A mall. A church. A nightclub. These are now what we know as "soft targets." Not that long ago soft target was one just a term used by military, federal or police operations. But it's, sadly, entered everyday terminology. These soft targets are considered any public place where security is limited and are potentially populated by a high number of victims.
"Active shooter" is another head-shaker in today's lexicon: Its definition is someone with a gun or guns, trying to kill as many people as possible — a mass shooting. And these shootings seem to be happening more often in the U.S., and in places that are considered safe. A movie theater. A sporting event. A music festival.
And that's where the latest shooter took aim. He booked a hotel room in Las Vegas overlooking the Route 91 Harvest festival, and killed 58 people and injured hundreds more on Oct. 1, 2017 in what was apparently a methodically designed plan.
Even though the chances of dying in a mass shooting (a shooting where four or more are killed at once) are low — just one in 15,325 according to a data analysis by Business Insider — staying vigilant when visiting these so-called soft targets, especially if the unthinkable happens, could save your life.
1. Stay Alert
First of all, it's important to be prepared. Not paranoid and not terrified, says Paul Merritt, owner of Fortress Consulting, which specializes in helping businesses guard themselves against active-shooter situations. "You can't walk around thinking the sky is going to fall," he says. But be prepared.
"First of all, these [shootings] are extremely rare occurrences," Merritt says. "But understand: Things do happen and can happen."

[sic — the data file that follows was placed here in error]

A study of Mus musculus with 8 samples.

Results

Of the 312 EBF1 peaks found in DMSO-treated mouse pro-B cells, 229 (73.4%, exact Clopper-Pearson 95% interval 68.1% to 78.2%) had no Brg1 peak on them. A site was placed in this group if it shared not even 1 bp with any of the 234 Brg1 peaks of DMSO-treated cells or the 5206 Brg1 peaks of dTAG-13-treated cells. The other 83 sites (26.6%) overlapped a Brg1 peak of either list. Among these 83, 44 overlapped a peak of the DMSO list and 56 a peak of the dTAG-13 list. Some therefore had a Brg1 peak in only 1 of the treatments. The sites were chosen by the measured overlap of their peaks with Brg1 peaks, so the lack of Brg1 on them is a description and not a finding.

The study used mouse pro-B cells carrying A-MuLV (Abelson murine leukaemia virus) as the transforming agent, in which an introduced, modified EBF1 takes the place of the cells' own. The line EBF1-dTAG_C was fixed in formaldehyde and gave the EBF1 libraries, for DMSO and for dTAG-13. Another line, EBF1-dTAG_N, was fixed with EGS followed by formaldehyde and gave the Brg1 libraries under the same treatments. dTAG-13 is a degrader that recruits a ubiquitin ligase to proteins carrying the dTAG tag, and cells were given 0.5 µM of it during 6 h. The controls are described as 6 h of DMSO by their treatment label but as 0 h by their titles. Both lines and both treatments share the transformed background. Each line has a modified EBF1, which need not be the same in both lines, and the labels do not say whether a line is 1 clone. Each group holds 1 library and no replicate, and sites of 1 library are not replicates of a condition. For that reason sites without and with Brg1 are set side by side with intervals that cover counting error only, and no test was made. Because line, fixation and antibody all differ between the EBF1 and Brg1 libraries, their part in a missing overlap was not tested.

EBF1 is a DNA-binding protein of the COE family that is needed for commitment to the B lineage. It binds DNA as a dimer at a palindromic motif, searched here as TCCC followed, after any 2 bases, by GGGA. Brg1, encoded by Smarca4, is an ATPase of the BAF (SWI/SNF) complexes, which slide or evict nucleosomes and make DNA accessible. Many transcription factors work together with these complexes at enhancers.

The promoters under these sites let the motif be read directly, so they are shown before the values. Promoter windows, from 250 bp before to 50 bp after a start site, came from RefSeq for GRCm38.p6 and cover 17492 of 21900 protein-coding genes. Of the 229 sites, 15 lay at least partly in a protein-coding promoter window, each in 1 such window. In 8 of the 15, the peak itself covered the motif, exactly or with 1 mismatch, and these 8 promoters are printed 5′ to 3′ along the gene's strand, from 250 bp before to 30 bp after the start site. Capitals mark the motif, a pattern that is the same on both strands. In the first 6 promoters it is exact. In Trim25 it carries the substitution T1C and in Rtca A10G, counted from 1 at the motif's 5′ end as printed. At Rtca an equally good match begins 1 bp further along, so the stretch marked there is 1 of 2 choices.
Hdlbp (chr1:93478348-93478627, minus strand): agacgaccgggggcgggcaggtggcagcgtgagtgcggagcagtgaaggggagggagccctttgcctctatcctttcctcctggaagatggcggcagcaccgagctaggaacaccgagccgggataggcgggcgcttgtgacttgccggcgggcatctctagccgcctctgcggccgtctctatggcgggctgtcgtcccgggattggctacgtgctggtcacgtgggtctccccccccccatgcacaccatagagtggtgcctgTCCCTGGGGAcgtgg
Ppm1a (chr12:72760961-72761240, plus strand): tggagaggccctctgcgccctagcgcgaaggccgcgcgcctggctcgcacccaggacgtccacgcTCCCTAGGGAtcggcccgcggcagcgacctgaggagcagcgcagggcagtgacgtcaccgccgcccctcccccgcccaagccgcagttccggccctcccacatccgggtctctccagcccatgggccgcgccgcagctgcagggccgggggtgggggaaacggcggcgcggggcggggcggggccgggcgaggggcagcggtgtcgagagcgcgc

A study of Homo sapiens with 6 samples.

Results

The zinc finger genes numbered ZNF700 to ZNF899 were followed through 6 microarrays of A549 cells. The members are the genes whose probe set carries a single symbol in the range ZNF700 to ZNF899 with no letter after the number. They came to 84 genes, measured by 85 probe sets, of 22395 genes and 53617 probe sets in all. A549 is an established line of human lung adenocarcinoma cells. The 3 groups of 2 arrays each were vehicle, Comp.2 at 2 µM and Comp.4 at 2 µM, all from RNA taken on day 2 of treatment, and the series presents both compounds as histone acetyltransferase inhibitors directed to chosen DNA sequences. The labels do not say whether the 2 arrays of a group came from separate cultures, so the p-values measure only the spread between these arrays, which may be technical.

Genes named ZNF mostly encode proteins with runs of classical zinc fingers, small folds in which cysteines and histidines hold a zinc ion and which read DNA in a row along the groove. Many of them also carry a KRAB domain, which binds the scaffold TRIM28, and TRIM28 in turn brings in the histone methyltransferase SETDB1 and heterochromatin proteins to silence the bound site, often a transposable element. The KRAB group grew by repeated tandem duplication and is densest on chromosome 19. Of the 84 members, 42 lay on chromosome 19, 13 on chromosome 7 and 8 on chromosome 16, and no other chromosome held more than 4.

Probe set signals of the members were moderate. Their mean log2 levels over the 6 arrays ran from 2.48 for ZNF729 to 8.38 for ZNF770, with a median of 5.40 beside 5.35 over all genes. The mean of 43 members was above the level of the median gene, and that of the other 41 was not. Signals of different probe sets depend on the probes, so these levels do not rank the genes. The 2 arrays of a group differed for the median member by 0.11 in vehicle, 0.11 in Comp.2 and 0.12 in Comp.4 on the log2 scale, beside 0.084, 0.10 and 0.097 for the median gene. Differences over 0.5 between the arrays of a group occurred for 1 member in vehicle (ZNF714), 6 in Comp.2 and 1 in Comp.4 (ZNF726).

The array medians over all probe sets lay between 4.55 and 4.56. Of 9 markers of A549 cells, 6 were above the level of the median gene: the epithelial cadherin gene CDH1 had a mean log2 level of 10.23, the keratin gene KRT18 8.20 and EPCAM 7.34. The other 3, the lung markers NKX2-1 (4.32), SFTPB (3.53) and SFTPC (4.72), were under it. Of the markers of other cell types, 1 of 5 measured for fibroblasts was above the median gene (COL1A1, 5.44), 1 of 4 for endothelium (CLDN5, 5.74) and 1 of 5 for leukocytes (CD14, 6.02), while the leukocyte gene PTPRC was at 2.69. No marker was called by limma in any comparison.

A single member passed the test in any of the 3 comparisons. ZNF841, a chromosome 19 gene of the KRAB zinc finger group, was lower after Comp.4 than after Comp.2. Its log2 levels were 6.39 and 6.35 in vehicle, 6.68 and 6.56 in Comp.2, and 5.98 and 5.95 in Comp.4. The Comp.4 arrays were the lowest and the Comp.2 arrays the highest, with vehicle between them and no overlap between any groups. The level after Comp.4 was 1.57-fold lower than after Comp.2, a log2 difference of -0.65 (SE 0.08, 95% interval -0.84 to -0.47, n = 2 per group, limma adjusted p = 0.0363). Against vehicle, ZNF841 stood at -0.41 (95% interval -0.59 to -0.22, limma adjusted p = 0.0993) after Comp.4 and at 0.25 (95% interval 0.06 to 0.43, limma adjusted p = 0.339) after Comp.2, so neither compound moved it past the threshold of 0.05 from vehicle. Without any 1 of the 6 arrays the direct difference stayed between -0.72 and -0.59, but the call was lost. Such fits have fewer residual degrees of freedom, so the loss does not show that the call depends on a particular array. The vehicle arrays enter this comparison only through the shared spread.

This is actually the important first step in maintaining your safety. Once you come to grips with the idea that you might one day find yourself in an active-shooter situation, Merritt says, you take precautions. Merritt likens preparing for an active-shooter situation to fire drills. Yes, fires exist. No, you are not likely to die in a fire. Still, it's smart to be prepared for what to do should a fire break out in your home or office building.
2. Always Be Situationally Aware
When you fly on a plane, for instance, flight attendants tell you where the exits are located. Do the same when you're at the mall or the movie theater. Look around as you shop or before the movie begins. Where are the exits? Where did you come in? Having an idea of your location will come in handy if a worst-case scenario unfolds.
3. Deny Denial
Merritt says one of the most common responses from people when they hear gunfire? "They assume it's fireworks," he says. "But that's denial kicking in." If you think about it, there are very few places in which you will encounter fireworks. A crowded soft target is not one of them. Assume it's gunfire, and make your next decision.
4. Move and Create Distance
Many of the helpless victims at the Las Vegas music festival could do little but duck or lie down. They had no choice. But Merritt maintains this is an anomaly. In most shootings, people have room to run or hide. First note where the gunfire is coming from, and move as quickly as possible in the opposite direction, toward the nearest exit (that you previously noticed).
Do not lie down, if at all possible. "It makes you an easily available target for the shooter," Merritt says. "Create distance from the bad guy ... A moving target is harder to hit." If you cannot move quickly, find the nearest hiding place. "Get out of the view of the shooter," Merritt says. And silence your cell phone. Text people, instead, to let them know your location and whether you need help getting to safety.
5. Leave and Keep Going
Once you've removed yourself from danger, run and don't stop going. Call 911, but keep moving until you are completely out of the area. If you can help others without endangering yourself, do so. If you can't leave and are stuck in a hiding place that is safe, stay there until authorities arrive. This could take minutes or hours, but stay hidden.
Merritt offers one last piece of advice, and it's another head-shaking reminder of the times we live in: Learn to use a tourniquet. You never know when you'll be called upon to use this skill.
Stories have emerged from Las Vegas, and other shootings, in which proper application of a tourniquet stopped or slowed a victim's bleeding — and it saved someone's life. Merritt says he keeps one tourniquet in his car, and one at home.
"Hopefully," he says, "I'll never need to use one."